Sam McCutcheon – Looking Back at the World Champs

By November 29, 2016

At the start of the year did you think you’d be heading to Spain to race at the World Champs?

Definitely not. At the start of the year the most I had run was 60km with a goal to do 100km at the end of January. To think that I could be competitive at that level was not even in contemplation.

13308677_271986996484800_1595034090197233394_oWhat was training like in the lead up?

Looking at the profile and the race completion times I could tell that the Buff Epic was going to be a lot harder than anything I had done previously. I reassessed what I was currently doing and switched up some sessions to try and build leg strength (specific gym sessions and including loops with solid climbs where possible).

I had an idea of the type of training I wanted to do before the race and had a loose plan marked out. Unfortunately, I had some ITB issues around 5 weeks before the race, just when I had planned to be getting in the thick of it, so to speak. I was pretty gutted and the focus switched to maintenance and getting myself in a position to complete the race, rather than trying to continue building.

14633284_10210956547968704_5491277811957903305_oI had some good help from physios and managed to get in the best position I could before the race. Even before the start I wasn’t sure how the leg was going to perform on the day and I suppose I was lucky that it held up for long enough to get me through.

How would you describe the course?

Brutal but beautiful.

There are large parts of the course that are runnable, which I like. But there are also parts that are incredibly technical, and then parts that are steep.

The race covers quite a broad landscape that you end up running through grass paddocks, up rocky ridges and along mountain lakes; it is really diverse which keeps it interesting.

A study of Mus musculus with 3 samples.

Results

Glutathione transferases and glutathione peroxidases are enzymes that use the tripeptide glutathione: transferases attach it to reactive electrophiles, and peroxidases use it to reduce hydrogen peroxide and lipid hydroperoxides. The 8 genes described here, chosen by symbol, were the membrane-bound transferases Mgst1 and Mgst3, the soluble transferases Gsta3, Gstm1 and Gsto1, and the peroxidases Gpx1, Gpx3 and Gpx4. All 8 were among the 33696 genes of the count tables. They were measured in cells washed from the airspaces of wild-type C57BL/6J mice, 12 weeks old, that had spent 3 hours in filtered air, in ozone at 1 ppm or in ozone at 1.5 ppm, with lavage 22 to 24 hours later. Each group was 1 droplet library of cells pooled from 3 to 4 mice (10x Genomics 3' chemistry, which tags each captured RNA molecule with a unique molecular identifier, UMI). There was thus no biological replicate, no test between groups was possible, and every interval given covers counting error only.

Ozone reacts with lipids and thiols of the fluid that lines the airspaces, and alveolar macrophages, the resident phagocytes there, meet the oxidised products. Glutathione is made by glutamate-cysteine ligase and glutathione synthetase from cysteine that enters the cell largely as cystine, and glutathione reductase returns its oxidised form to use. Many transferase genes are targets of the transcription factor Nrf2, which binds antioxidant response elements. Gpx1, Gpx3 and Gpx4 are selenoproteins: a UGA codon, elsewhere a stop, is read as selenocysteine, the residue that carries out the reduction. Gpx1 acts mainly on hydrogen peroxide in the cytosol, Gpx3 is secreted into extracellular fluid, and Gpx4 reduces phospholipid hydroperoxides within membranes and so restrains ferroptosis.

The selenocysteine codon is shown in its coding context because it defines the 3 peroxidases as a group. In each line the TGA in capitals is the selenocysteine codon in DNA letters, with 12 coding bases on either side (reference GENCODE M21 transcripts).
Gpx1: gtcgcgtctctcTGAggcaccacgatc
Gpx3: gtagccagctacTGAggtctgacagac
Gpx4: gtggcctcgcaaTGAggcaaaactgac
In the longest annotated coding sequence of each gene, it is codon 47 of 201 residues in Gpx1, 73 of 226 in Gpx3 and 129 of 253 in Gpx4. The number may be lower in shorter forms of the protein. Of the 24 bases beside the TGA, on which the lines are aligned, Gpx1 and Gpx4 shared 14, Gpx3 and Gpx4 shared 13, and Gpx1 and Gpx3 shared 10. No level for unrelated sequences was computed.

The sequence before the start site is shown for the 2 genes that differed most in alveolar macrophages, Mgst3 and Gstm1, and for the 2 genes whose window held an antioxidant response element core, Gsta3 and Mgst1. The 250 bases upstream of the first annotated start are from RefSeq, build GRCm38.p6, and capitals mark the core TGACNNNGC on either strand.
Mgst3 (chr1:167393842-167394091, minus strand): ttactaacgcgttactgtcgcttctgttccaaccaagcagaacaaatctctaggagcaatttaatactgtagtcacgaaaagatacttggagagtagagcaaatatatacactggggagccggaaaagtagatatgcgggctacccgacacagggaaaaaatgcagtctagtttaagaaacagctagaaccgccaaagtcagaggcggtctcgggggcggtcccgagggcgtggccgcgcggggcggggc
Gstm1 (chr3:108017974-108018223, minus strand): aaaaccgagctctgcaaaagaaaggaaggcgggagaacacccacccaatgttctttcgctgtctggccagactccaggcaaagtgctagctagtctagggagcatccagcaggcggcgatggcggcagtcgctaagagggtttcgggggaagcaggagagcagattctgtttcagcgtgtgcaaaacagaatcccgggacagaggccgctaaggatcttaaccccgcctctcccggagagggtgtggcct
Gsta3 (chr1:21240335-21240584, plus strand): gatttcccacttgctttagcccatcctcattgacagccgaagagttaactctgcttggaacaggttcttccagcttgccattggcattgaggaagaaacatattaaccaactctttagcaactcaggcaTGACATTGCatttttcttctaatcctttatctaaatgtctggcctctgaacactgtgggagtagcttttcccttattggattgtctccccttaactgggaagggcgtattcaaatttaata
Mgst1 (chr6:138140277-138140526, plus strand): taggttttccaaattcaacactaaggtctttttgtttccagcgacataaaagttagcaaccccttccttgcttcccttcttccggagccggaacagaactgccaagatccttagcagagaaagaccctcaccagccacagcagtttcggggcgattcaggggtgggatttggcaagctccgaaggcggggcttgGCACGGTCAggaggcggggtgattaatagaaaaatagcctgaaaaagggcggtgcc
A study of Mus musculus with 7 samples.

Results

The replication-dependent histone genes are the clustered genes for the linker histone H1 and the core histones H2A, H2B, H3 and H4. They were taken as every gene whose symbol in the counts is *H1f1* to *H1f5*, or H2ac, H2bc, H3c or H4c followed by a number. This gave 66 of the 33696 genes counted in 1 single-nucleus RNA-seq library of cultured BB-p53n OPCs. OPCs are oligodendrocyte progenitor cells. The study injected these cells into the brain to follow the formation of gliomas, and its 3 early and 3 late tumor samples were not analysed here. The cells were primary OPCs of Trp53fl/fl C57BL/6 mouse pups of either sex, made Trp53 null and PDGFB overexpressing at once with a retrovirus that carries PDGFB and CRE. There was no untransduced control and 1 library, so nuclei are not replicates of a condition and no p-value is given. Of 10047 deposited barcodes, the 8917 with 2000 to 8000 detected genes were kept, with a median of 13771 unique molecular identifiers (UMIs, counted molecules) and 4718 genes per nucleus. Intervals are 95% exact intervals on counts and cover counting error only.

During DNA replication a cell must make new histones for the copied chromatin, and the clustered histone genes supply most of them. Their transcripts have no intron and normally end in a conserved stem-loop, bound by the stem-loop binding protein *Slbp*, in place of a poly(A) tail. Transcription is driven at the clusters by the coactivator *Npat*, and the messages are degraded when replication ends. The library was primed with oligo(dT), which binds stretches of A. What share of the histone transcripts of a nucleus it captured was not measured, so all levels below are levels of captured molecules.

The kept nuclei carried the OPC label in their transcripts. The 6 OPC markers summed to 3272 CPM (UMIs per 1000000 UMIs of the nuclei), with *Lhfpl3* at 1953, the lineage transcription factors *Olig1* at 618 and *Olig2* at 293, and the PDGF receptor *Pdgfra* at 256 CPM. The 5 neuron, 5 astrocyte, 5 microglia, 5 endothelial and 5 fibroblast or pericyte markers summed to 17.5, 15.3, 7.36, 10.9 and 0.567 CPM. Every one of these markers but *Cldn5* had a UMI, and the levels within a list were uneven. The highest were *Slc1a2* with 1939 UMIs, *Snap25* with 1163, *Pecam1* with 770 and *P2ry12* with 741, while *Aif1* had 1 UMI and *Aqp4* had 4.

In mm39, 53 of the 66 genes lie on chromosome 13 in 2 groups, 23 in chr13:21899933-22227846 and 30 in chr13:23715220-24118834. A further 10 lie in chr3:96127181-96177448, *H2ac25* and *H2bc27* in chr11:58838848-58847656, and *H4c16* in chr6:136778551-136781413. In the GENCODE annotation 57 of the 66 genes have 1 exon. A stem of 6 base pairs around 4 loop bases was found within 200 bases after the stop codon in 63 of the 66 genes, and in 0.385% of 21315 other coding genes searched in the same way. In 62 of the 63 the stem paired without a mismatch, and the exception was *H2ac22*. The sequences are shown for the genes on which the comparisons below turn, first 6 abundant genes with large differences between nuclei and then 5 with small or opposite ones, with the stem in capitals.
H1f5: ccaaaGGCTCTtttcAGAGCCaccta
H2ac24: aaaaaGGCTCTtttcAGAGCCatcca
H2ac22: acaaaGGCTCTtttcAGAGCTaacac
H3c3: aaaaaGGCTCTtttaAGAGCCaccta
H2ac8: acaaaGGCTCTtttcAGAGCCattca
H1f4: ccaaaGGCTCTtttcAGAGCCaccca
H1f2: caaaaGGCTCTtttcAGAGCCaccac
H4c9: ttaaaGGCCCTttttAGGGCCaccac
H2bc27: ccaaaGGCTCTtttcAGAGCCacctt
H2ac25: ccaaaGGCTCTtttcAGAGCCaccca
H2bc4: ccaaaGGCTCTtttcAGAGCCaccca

The course is incredibly well marked out (with the exception of the portion through the National Park where you are not technically allowed to ‘race’) and it is quite different having people around you for a large portion of the race.

It was also nice to have a loop so you are seeing new terrain for the entire 105km.

What was the Boi Valley like?

I would probably describe it as quaint. The whole valley is dotted with small mountain villages, each with a café, a restaurant and a supermarket. The people are passionate Catalans. The drive in there actually reminded me a lot of New Zealand mountains.

Definitely worth a visit if you have never been there.

How did the race pan out? What was the highlight?

The race started out alright, for the first two hills my ITB was holding up well and I was feeling alright. At this time there was cloud cover and temperatures were pretty manageable.

After the second hill is where I began to feel it. At the top of the third big climb you are hiking up boulders in the cloud and it can get pretty tough going at times. At this point you enter the National Park and start running beside the most amazing lakes. It is all downhill on mostly 4WD track into Espot and I managed to get going at a good clip.

After Espot there is one long climb and then you head along the range before dropping into the Boi valley. Up the top of this climb I found myself in some places. My stomach wasn’t liking all the sugar I was throwing at it and I couldn’t keep anything down. At the end of the range I was just plodding along and I was possibly a bit lucky to get up the last climb. The medic at the top was quite keen for me to sit down and chill for a while but managed to reassure him that I was fine.

The final 15km are downhill and the last 7km are through towns. By this stage it is great having the support.

The final bit I was looking at my watch and thinking I could possibly get around 15 hours. Then one of the greatest feelings was running around to the finish line with all the officials eating their dinner cheering.

20160409_buffalostampede_3502-684x1024What ANZ races do you think you might do in 2017?

The plan is still really coming together but at this stage I definitely have Buffalo on the list and also considering a shorter one at The Hillary. There is likely to be some more added; Hounslow had great reviews this year and would be great to get back to Bannockburn for another slog up Mt Difficulty, so will see.

What’s your number one tip for someone thinking of doing a Skyrace?

Number 1 tip is commit, the sooner you do that then the sooner you can get excited and prepare. A close second would be to look at the course and plan.